Which New Testament books were written after that catastrophe?

Do these books comment at all on the destruction of the temple?

    
@Mawia Well, the Revelation to S John the Divine is generally believed to have been written between AD70 and AD95. But you're right that beyond superficial relative dates, there is very little evidence at all as to the actual date of any book. –  Andrew Leach May 27 '13 at 10:03
    
@AndrewLeach Even the Book of Revelation does not have any reference to the AD 70 catastrophe. –  Mawia May 27 '13 at 10:32

2 Answers 2

The dating of the New Testament is a matter of some controversy, so there is no consensus answer to the question of which ones were written after the destruction of the temple. (The Old Testament books were of course written well before).

No New testament documents make clear reference to the destruction of the temple. Some appear to prophecy the destruction, but it is clearly written as prophecy and not fulfilment, and even then it is not an absolute certainty. Many scholars use this information to date the NT canon as fixed before the destruction of the temple, on the reasonable grounds that had it been known about some NT writers would certainly have mentioned it as evidence of the correctness of prophecy. Bishop John A Robinson makes a well-argued case for this in his book "Redating the New Testament", or its popular version "Can we Trust the New Testament?".

Extensive quotes of the New Testament in letters known to be written at the end of the 1st century AD show that the NT documents were well known and accepted by that time, although it is technically possible that they may have undergone further editing between then and the dates of the first positively dated manuscripts from a hundred years later.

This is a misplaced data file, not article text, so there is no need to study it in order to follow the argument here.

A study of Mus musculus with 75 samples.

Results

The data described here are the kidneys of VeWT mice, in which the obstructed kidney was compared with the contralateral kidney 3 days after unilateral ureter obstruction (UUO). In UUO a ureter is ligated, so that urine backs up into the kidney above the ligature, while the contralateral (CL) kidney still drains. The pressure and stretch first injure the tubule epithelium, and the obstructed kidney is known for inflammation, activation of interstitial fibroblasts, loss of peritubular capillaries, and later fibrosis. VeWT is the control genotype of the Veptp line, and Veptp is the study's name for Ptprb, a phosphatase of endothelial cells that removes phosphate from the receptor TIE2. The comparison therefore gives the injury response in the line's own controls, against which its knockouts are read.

See the excellent summary on Wikipedia.

So to answer the questions:

  1. Probably none of them
  2. No, they don't.

Most scholars now believe that Matthew and Luke were substantially derived from Mark's Gospel. In fact, John Dominic Crossan, in The Birth of Christianity, page 110-111, speaks of a massive consensus among scholars in favour of Markan priority. On this information we can say that the Gospels of Matthew and Luke, being written some time later than Mark, were certainly written after 70 CE. Acts of the Apostles was written some time after Luke, although it does not mention the destruction of the temple nor the Roman-Jewish War of 66-70.

John's Gospel is generally dated 80-110 CE, although critical scholars, who see it as influenced by Luke's Gospel, would place in towards the later end of this range. The three Johannine epistles were written shortly after the Gospel.

Thirteen epistles have been attributed to the apostle Paul: Romans, 1 Corinthians, 2 Corinthians, Philemon, Galatians, Philippians and 1 Thessalonians, but five of these are regarded as disputed. Paul's genuine epistles were, of course, written before 70 CE. Known to critical scholars as pseudo-Pauline epistles, Ephesians, Colossians, 2 Thessalonians, 1 Timothy, 2 Timothy and Titus are thought to have been written between 70 Ce and the first half of the second century.

Critical scholars place the First Epistle of Peter no earlier than 80 CE, and the Epistle of Jude and the Second Epistle of Peter in the first half of the second century. Jude, perhaps carelessly, self-identifies as written long after the apostolic era, while scholars have noted that 2 Peter uses material from the earlier Epistle of Jude.

The Book of Revelation is almost universally accepted as having been written after 70 CE.